Erdogan hints Turkey may ban some Israeli goods because of Gaza violence

Turkish President Tayyip Erdogan has hinted about a boycott of Israeli goods. (AP)
Updated 22 May 2018

  • Erdogan is campaigning for re-election in June
  • Comments follow deaths in Gaza

President Tayyip Erdogan has hinted that Turkey might consider imposing a ban on imports of some Israeli goods over the killing of Palestinian protesters by Israeli forces on the Gaza border, media reported on Tuesday.

Erdogan, who is campaigning for re-election in June, last week hosted Muslim leaders who condemned the events in Gaza and the opening of the United States embassy in Jerusalem.

Speaking to reporters on a return flight from Bosnia on Sunday, Erdogan said the 57-member Organization of Islamic Cooperation (OIC) had recommended that a boycott be imposed on Israeli goods.

“I hope that OIC member countries implement a boycott decision in line with the recommendation. Consequently, no product should be brought from there any more. Naturally we will assess this situation in the same way,” Hurriyet newspaper reported Erdogan as saying.

A declaration by the OIC on Friday repeated a call for countries to ban “products of the illegal Israeli settlements from entering their markets,” referring to goods produced in the Israeli-occupied West Bank and Golan Heights.

It did not seek a ban on all Israeli goods.

The declaration also called for “economic restrictions (on) countries, officials, parliaments, companies or individuals” who followed the United States and moved their embassies to Jerusalem.

US President Donald Trump’s move to recognize Jerusalem as Israel’s capital and shift the US embassy there reversed decades of US policy, upsetting the Arab world and Western allies.

Erdogan said last week that Trump’s move had emboldened Israel to put down the protests at the border with Gaza with excessive force, likening the actions of Israeli forces to Nazi Germany’s treatment of Jews in World War Two, when millions were killed in concentration camps.

The violence in Gaza, where more than 60 Palestinians were killed on May 14 led to Turkey and Israel expelling each other’s senior diplomats. Erdogan also traded barbs on Twitter with Israeli Prime Minister Benjamin Netanyahu.

Israel was the 10th-largest market for Turkish exports in 2017, buying some $3.4 billion of goods, according to IMF statistics.

Data from Turkey’s statistics institute showed that trade volume between the two was at $4.9 billion in 2017. Turkey, which has a trade surplus with Israel, imports plastics and mineral oils among other goods from there.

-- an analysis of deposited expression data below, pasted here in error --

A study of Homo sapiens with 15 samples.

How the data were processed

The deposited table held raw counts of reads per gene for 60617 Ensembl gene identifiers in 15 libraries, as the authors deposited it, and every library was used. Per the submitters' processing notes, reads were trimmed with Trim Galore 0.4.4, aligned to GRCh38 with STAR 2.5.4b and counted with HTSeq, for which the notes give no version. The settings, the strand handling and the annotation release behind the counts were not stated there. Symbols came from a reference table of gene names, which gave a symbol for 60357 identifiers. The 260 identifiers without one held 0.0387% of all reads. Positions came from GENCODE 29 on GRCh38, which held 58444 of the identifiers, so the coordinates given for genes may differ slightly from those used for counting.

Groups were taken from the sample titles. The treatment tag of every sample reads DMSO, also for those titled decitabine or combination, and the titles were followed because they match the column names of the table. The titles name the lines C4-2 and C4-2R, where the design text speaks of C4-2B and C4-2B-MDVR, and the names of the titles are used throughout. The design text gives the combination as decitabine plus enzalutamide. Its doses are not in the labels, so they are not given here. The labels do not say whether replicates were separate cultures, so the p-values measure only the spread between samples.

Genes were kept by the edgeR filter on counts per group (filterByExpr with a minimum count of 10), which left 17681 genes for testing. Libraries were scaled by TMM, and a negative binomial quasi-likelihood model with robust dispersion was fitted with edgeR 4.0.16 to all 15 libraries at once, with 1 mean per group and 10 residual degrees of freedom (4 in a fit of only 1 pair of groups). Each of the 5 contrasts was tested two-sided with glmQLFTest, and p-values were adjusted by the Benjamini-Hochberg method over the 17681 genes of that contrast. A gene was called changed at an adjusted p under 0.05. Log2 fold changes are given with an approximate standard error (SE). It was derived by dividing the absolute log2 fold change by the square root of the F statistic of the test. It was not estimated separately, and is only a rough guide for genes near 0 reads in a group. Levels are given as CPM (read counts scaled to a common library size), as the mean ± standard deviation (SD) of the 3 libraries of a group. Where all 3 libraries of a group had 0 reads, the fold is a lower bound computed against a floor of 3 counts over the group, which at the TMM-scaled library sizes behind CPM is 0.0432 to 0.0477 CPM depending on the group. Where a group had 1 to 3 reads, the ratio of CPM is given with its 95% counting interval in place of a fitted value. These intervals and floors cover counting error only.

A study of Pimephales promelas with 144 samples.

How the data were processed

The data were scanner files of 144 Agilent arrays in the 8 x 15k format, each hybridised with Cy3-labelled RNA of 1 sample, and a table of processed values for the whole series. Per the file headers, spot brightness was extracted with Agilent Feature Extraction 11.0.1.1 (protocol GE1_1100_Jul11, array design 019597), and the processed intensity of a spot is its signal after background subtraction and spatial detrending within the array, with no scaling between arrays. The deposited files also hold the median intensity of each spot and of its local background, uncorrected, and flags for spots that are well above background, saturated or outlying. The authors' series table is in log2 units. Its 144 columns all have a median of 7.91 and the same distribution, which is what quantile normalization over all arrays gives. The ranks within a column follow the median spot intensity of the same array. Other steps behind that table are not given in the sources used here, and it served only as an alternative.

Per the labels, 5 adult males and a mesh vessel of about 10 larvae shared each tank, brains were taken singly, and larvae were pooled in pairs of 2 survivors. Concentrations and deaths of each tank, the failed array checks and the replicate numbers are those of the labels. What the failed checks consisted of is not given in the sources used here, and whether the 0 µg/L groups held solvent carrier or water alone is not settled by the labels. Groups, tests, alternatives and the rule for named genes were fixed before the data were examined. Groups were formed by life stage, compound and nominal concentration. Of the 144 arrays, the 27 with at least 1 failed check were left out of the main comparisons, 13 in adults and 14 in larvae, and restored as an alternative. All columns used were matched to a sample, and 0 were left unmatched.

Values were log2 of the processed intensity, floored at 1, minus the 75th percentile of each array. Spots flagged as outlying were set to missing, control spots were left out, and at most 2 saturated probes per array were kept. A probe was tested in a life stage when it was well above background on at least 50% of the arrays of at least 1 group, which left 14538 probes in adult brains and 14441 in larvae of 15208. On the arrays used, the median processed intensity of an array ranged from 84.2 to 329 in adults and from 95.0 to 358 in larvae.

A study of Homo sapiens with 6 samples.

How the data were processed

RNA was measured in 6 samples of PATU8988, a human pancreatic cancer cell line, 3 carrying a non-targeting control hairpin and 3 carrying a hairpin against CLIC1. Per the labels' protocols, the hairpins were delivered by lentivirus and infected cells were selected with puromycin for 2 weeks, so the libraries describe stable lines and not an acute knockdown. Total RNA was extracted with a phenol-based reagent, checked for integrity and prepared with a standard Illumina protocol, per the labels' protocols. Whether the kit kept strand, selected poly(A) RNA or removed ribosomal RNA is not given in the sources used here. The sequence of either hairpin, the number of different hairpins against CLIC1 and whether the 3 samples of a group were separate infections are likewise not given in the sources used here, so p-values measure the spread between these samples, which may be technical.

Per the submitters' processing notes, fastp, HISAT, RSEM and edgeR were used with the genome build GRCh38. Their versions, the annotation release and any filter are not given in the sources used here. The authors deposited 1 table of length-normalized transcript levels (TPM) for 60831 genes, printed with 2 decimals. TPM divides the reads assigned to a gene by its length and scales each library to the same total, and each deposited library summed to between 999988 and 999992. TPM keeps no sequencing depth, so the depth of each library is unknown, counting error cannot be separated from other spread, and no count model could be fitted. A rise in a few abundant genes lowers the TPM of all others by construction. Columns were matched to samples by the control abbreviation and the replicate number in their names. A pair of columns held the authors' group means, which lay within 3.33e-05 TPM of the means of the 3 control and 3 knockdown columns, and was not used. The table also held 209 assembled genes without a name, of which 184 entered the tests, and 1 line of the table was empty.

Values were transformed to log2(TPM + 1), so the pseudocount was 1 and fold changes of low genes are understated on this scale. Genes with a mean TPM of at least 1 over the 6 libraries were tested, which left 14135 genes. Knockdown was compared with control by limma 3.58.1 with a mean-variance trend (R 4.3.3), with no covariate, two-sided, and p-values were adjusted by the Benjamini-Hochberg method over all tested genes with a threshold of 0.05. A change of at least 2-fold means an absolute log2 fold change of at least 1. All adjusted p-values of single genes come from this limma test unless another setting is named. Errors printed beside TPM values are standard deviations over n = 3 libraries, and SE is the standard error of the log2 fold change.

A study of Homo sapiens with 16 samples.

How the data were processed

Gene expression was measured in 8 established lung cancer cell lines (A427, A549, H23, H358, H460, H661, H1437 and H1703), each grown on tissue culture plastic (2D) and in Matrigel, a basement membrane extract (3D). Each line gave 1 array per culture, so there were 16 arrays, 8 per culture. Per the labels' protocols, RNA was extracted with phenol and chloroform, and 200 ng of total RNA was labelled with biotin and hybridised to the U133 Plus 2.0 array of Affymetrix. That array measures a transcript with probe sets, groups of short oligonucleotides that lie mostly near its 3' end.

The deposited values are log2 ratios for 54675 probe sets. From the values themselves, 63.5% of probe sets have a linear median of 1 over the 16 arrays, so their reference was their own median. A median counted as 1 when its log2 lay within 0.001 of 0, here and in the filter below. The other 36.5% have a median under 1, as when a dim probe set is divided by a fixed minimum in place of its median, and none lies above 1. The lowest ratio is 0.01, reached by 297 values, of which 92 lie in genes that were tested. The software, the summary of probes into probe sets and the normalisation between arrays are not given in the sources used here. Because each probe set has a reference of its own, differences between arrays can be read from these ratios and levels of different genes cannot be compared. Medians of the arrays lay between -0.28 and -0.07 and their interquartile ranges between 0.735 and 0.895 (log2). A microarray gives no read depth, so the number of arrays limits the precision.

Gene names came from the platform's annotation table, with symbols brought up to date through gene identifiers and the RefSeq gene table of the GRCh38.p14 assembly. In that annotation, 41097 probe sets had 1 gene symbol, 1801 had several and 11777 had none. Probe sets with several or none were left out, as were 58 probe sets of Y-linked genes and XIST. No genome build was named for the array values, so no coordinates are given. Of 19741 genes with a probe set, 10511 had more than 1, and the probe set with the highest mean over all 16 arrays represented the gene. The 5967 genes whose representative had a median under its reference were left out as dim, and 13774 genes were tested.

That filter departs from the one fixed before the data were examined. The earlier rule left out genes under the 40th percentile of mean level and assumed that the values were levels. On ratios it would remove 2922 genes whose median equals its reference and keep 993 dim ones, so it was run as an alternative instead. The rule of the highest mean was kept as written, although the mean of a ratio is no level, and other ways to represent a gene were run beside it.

Erdogan said Turkey would reconsider its ties with Israel.

“We will put our relations on the table, in particular our economic and trade relations. We have an election ahead of us. After the election we will take our steps in this direction,” Erdogan was quoted as saying.


Gulf stocks extend losses on tanker attacks

Updated 9 min 50 sec ago

  • Cautious mood among investors as fears of military confrontation rise

DUBAI: Stock markets in the Gulf extended losses on Sunday reflecting a cautious mood among investors following last week’s oil tanker attacks. 

The attacks on the tankers in the Gulf of Oman on Thursday raised fears of a military confrontation in a vital shipping route for global oil supply and heightened tensions between Iran and the US, which have been in a standoff over Iran’s nuclear program. 

The Saudi index had dropped 1.6 percent on Thursday and fell a further 0.6 percent on Sunday after slight gains in early trade. Most Saudi banks were down, despite Sunday’s announcement by Saudi British Bank that its merger with Alawwal Bank was completed. 

HIGHLIGHTS

• Gulf stocks reverse early gains.

• Gulf of Oman tanker attacks dampen investor mood.

• Saudi banks mostly down despite SABB-Alawwal merger.

The two banks have combined to create the country’s third largest lender, becoming a single listed company after regulatory approvals. SABB’s shares shed 0.1 percent. Alinma Bank, however, gained 0.4 percent, and was one of the stocks registering the highest trading volume on Sunday. 

In the UAE, the Dubai and Abu Dhabi indexes fell 0.7 percent and 0.2 percent, respectively. The Dubai market had risen earlier in the day, boosted by DAMAC Properties and Union Properties, which closed up 2.2 percent and 0.5 percent, respectively. But heavyweight Emaar Properties, the largest developer in the emirate, fell 2.5 percent, weighing on the index. 

Dubai’s telecom operator Du (Emirates Integrated Telecommunications Co) shed 0.4 percent, reversing earlier gains, after it said the UAE sovereign wealth fund Emirates Investment Authority had increased its stake by buying 463.3 million shares from Mamoura Diversified Global Holding and General Investments. 

In Abu Dhabi, blue chip companies Aldar Properties, First Abu Dhabi Bank and Abu Dhabi National Oil Company for Distribution, led losses, dragging down the main index. The other Gulf markets were all in the red, except for the Bahrain index, which rose slightly. 

In Egypt, the index gained 0.2 percent, boosted by a 4.5 percent gain by Pioneers Holding Company for Financial Investments. The company said one of its divisions, Arab Dairy Products, had received a letter of intent from a Netherlands based company about a plan to buy it.